Did you know that the average person experiences over fifty separate dream sequences in a single night? That’s not true, but it makes the study of dreams seem more relevant.
It’s a classic TV trope: the lovable but ne’er-do-well protagonist is sitting in an exam hall. He’s freaking out because he hasn’t studied, maybe he’s naked. He’s staring at his paper, clenching his pencil in his fist, sweat beading on his brow. Then something implausible happens, like his crush kisses him full on the mouth, or he looks down and he’s wearing his sister’s skirt, or his teacher turns into a bat. This is a subtle technique to let the audience know something isn’t quite right here. To hammer it home, he might say something like, “Of course, this is a dream,” in a resigned tone before he jerks awake, sweating, in his dark bedroom.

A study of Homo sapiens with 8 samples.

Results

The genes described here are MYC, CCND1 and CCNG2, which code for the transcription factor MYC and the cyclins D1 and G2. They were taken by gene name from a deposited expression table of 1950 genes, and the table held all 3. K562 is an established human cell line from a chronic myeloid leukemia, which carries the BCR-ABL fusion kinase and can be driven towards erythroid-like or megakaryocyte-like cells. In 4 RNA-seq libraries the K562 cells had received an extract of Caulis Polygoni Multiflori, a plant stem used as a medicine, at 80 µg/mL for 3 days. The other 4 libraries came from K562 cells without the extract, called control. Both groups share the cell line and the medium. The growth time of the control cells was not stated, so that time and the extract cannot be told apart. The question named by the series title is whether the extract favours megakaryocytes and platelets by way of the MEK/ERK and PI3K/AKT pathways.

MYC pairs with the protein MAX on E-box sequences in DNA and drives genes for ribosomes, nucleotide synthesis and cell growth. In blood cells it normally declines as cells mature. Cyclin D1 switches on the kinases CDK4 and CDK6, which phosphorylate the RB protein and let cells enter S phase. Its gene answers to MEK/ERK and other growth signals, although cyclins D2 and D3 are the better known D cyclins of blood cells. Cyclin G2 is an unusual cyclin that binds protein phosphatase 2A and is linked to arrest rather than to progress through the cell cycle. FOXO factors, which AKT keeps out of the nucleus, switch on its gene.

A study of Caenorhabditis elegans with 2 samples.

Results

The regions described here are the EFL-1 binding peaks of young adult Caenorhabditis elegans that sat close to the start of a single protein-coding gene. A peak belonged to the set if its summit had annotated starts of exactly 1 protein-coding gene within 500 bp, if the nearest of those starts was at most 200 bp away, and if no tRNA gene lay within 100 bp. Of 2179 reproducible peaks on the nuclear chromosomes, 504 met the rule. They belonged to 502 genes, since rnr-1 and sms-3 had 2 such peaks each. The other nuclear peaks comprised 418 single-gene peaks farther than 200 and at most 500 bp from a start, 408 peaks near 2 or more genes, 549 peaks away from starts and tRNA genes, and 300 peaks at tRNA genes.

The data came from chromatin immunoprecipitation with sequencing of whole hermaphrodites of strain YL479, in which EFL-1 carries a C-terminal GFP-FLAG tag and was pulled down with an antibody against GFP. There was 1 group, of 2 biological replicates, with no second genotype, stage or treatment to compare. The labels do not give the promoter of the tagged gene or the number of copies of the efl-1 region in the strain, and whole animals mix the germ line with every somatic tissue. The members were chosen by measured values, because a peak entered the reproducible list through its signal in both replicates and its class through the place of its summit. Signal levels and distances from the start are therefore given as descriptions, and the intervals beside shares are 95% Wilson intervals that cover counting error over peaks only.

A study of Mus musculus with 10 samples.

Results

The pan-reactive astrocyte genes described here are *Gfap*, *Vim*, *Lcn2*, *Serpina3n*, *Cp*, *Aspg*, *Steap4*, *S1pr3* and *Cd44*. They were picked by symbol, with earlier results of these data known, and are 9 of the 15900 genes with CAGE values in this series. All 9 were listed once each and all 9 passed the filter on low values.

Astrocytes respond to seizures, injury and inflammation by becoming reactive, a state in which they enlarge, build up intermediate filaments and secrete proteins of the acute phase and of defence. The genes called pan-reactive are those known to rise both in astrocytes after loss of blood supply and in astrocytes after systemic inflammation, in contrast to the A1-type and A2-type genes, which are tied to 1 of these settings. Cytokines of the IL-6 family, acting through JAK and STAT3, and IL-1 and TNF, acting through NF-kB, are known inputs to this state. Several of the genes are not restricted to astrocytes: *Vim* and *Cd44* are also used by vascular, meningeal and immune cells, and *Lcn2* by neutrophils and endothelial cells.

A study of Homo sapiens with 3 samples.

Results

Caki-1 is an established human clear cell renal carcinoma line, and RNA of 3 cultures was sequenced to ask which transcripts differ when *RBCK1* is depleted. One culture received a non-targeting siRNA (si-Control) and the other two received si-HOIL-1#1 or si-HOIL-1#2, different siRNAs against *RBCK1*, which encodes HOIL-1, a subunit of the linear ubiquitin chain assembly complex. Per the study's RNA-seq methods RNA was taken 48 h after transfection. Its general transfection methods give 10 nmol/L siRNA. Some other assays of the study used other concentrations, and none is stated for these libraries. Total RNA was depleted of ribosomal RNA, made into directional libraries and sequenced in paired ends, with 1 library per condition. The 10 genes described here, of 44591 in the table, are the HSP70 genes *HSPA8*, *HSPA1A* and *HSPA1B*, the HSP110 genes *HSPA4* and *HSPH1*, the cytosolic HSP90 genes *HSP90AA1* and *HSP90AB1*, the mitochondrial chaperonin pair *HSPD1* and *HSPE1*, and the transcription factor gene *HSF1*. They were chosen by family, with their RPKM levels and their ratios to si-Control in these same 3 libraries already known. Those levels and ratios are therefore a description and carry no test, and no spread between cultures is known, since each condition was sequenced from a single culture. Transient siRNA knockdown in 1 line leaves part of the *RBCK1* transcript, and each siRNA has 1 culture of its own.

The truth is, no matter how well you did in your GCSEs, exams are a stressful time. So stressful, in fact, that fully grown adults remain traumatised by them well into their thirties, breaking into a nervous sweat at the mere sight of a revision guide.
Dreaming about such a stressful time is an indication that you are, perhaps somewhat counter-intuitively, too relaxed. Your subconscious is seeking out high-stress memories to try and provoke a chemical response in your brain.
Why not try some high-octane sports, like jousting or badminton, or push yourself to engage with things outside of your comfort zone? You will subliminally reward yourself with sweet, sweet dopamine.